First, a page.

George Washington’s iconic letter written to the Jews of Newport, Rhode Island, in 1790 is finally on public display after a decade in the shadows. The timing of its emergence as the centerpiece of a new exhibit at the National Museum of American Jewish History in Philadelphia is exquisite. But then, it was bound to be.
America continually needs to be reminded of Washington’s words and the message they contain. These are not the worst of times for this country, not compared with the full-fledged economic depressions, civil strife and world wars of the past, but they aren’t the best of times, either. With Independence Day upon us, we’d do well not only to recommit ourselves to Washington’s famous promise but to dig deeper into what the words actually challenge us to do today.
That promise — of a government “which gives to bigotry no sanction, to persecution no assistance” — is most commonly translated as an affirmation of religious pluralism. Particularly in the context of NMAJH’s exhibit, where Washington’s letter is one of several period documents written to other faith communities, one can appreciate the courage of the nation’s founders as they struggled to define this pluralism. Remember that this was at a time when religious persecution was the norm in most societies and still practiced in many states.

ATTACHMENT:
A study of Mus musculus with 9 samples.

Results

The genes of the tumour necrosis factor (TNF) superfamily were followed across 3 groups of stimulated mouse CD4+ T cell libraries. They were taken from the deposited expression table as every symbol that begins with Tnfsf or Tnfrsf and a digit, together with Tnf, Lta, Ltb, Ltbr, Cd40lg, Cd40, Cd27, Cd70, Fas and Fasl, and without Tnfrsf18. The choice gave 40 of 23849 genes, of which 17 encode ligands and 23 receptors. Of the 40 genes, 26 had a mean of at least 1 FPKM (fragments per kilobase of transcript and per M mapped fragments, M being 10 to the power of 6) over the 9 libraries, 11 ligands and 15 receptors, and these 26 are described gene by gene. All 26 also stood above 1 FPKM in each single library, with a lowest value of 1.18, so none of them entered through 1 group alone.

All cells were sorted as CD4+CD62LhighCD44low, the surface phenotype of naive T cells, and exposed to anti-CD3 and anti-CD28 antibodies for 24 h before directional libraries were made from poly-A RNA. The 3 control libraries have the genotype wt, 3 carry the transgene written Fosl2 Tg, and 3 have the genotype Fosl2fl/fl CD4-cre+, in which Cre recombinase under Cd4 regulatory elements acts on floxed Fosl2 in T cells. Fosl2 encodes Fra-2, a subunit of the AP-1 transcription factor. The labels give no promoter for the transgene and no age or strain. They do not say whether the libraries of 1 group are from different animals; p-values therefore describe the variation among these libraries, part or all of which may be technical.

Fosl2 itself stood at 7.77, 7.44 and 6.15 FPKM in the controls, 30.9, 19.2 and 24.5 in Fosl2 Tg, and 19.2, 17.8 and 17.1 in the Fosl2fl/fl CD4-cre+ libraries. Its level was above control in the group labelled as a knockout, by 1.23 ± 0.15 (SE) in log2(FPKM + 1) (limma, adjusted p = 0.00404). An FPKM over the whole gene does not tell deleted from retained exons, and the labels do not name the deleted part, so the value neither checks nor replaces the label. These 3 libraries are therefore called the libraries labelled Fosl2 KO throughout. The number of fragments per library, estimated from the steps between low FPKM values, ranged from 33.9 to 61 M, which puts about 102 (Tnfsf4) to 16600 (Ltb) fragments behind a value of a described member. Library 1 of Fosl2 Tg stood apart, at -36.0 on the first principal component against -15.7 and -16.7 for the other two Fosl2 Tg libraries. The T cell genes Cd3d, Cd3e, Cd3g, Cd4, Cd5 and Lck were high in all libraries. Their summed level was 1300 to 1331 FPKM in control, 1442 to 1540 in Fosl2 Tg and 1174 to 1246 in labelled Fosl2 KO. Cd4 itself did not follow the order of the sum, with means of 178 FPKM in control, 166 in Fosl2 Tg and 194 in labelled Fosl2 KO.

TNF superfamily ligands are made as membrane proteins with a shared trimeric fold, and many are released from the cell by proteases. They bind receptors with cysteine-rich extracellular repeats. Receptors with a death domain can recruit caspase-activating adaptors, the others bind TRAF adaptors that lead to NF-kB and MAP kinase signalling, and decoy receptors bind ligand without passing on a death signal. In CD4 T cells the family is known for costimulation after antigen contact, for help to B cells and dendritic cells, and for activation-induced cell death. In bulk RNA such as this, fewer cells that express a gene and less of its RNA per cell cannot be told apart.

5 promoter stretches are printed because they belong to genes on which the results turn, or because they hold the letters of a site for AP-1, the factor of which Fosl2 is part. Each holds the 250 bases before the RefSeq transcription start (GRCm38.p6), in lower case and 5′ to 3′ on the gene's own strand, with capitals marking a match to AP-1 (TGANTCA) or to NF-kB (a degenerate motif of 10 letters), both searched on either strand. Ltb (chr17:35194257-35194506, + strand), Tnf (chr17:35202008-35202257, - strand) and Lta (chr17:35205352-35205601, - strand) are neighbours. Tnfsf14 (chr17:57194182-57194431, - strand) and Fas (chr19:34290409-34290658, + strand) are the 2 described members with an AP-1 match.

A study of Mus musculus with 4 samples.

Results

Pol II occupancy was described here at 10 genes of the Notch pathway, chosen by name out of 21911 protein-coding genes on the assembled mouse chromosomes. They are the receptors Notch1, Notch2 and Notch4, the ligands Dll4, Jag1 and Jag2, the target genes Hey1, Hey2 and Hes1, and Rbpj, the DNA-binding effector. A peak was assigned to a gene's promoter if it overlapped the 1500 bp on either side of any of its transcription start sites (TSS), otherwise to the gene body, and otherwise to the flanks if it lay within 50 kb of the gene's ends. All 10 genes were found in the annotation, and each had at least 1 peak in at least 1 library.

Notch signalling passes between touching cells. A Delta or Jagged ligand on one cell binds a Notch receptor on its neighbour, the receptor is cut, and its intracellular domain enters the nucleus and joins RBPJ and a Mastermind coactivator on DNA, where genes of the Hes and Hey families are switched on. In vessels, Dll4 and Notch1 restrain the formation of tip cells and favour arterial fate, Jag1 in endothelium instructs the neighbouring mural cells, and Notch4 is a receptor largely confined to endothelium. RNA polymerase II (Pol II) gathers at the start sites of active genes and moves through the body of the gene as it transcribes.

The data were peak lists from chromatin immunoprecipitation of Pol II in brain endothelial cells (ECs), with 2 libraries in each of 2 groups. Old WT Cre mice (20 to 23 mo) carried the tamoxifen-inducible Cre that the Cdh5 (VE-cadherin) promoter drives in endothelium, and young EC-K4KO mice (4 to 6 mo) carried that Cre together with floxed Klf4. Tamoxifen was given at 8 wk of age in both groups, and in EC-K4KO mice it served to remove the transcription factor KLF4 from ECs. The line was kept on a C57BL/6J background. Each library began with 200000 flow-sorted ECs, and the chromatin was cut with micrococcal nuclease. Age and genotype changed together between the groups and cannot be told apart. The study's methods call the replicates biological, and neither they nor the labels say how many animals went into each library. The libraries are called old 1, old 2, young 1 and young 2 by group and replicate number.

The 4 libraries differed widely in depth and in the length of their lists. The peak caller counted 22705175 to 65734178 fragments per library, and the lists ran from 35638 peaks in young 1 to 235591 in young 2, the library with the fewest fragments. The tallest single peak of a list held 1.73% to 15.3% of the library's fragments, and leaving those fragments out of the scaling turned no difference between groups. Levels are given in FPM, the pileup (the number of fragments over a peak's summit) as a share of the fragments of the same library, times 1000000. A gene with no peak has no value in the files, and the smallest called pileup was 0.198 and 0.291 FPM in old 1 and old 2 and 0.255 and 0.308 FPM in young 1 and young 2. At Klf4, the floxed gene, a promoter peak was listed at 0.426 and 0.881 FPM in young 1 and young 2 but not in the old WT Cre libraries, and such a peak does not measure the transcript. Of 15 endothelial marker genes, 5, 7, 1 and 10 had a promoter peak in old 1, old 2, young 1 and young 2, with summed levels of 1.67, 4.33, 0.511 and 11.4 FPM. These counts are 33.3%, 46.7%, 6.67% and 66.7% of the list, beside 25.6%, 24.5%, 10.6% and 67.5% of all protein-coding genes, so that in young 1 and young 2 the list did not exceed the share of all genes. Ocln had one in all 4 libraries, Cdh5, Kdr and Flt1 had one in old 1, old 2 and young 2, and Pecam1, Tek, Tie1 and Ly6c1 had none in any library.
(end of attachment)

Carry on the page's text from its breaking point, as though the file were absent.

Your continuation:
Washington clearly felt there was room for everyone in the new nation, where all “possess alike liberty of conscience and immunities of citizenship.” (All, that is, except for the slaves.) Americans are asked only to “demean themselves as good citizens.”
Such embracing language goes beyond the boundaries of religion to a broader obligation toward tolerance. And what does that mean today? How would America behave if its government genuinely opposed bigotry and persecution?
We would have a far more humane and practical immigration policy than what exists right now.
We would ensure that children who are unlucky enough to be born in the wrong neighborhood have equal access to education and opportunity.
We would strip our public rhetoric of bigoted assertions about political candidates based solely on their faith or family heritage, welcoming the Mormon and the Native American and the man born of a Kenyan father as true Americans without equivocation.
We would make room for those who disagree even about deep-down, core emotional issues like abortion and same-sex marriage, even if those opposing views may seem abhorrent. Liberals and conservatives share blame here. Washington’s “liberty of conscience” obliges us to be way more accepting than we are.
“If we have wisdom to make the best use of the advantages with which we are now favored, we cannot fail, under the just administration of a good Government, to become a great and happy people,” Washington wrote elsewhere in the letter. His optimism was fueled by the cessation of war and the bright promise of creating a brand-new country based on what seemed then, and now, to be lofty ideals.
Optimism is in short supply this July Fourth. That may be one of our greatest losses. Read Washington’s words, and reclaim it.